The Search for Crime and Justice on America’s Indian Reservations

    Maggie Ybarra

    Politics, North America

    Dancers take part in the Grand Entry on the opening night of the 32nd Annual Taos Pueblo Pow Wow, a Native American dance competition and social gathering, in Taos, New Mexico

    “The federal approach” is usually a one-size-fits-all, take-it-or-leave-it deal, which may not seem very appealing to some tribes.

    New Mexico is quietly wild. Its multicolored sunsets, volcano-pocked terrain and unique cultural landscape attract tourists, inspire artists and mask its dark side. After all, one of the perks of the sparsely populated state is that it’s wide-open spaces offer a makeshift sanctuary to those who seek isolation and freedom, but with that magnitude of freedom comes the danger of believing that the day-to-day social and legal restrictions that govern society no longer apply. Anything seems possible under the desert sun, and many people have gone out of their way to test that theory.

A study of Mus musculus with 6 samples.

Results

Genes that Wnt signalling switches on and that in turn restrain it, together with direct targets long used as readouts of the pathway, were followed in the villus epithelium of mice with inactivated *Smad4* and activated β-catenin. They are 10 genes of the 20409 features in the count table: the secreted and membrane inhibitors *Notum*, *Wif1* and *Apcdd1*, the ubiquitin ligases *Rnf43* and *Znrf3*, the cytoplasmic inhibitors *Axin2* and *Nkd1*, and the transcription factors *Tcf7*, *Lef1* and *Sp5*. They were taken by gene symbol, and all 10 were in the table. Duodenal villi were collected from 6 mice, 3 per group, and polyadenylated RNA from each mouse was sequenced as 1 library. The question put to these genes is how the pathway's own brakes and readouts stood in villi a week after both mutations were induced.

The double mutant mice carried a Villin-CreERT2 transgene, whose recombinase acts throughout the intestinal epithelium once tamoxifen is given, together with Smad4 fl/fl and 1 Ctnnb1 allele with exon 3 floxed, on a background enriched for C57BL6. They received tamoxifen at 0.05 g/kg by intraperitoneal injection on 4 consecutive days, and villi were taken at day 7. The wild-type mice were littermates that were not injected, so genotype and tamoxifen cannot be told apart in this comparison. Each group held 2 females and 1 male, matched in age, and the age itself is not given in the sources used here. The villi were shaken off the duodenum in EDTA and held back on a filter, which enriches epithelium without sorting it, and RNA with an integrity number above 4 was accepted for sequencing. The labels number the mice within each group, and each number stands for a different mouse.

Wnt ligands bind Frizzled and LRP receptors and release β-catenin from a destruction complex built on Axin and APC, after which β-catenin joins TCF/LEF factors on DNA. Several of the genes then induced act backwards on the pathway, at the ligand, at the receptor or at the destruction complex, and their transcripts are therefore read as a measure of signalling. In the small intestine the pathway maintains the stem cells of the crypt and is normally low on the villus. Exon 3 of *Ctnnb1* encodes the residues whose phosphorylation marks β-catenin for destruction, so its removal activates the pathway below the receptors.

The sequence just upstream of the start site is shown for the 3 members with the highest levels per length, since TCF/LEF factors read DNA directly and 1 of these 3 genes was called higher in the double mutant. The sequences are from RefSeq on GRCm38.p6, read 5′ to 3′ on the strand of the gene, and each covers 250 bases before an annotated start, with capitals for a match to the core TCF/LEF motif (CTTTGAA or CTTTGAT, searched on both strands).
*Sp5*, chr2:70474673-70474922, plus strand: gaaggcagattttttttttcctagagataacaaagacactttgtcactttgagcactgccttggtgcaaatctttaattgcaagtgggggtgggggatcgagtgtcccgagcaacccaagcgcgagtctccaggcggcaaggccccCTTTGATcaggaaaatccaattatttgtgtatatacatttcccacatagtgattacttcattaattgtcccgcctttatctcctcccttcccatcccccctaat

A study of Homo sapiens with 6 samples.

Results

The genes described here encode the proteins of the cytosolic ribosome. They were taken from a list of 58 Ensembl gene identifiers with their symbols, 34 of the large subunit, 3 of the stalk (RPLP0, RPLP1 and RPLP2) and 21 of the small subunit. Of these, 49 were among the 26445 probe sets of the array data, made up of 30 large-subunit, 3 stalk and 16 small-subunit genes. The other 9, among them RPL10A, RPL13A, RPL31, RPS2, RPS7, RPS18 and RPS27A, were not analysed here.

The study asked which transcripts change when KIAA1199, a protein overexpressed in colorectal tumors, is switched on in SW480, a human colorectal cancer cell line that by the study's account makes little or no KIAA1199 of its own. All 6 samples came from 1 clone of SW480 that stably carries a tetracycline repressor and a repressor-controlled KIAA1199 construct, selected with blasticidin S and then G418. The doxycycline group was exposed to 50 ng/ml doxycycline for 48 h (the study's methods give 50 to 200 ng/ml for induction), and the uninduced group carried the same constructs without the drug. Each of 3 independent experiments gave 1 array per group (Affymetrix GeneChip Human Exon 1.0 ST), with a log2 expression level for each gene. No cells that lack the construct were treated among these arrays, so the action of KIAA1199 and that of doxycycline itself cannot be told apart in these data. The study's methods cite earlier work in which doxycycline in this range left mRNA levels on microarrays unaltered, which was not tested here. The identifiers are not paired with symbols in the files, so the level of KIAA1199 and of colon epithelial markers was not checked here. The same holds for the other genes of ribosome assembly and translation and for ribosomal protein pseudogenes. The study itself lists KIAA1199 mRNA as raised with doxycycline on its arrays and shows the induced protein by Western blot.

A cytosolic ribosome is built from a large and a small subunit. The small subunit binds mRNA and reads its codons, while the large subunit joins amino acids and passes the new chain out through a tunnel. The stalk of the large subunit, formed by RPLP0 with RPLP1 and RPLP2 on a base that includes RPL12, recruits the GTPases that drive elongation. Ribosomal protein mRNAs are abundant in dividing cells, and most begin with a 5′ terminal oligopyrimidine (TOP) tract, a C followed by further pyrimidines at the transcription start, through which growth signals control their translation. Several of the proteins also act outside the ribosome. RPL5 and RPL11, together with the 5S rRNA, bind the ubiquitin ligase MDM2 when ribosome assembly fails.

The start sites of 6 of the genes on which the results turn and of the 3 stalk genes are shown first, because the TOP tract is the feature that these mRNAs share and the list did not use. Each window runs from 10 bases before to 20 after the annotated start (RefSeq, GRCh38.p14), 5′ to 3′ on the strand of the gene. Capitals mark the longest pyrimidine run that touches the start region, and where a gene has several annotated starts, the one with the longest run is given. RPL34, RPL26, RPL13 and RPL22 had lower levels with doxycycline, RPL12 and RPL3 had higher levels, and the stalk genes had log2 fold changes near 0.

Crime in the desert is like a flower on a cactus. It flourishes in unexpected places. It is not easily beaten back by brutal or unexpected elements. It does not shy away from the brink of extinction or the occasional danger.

    It is difficult to kill.

    This has sometimes been a harsh reality for the sprawling territories that are governed by the state’s twenty-three Indian tribes.

    New Mexico is no stranger to unusual crimes, so it is unlikely that authorities were shocked when they caught Loren Lloyd Wauneka and Lisa Benally stealing jewelry, furniture and firearms from a law-enforcement officer’s residence on the Navajo Nation reservation in January 2016. Both had criminal histories. Wauneka was convicted of the crime and sentenced to thirty-seven months in prison followed by three years of supervised release, according to an August 10 Department of Justice press statement. Benally is still awaiting her day in court. She faces ten years in federal prison.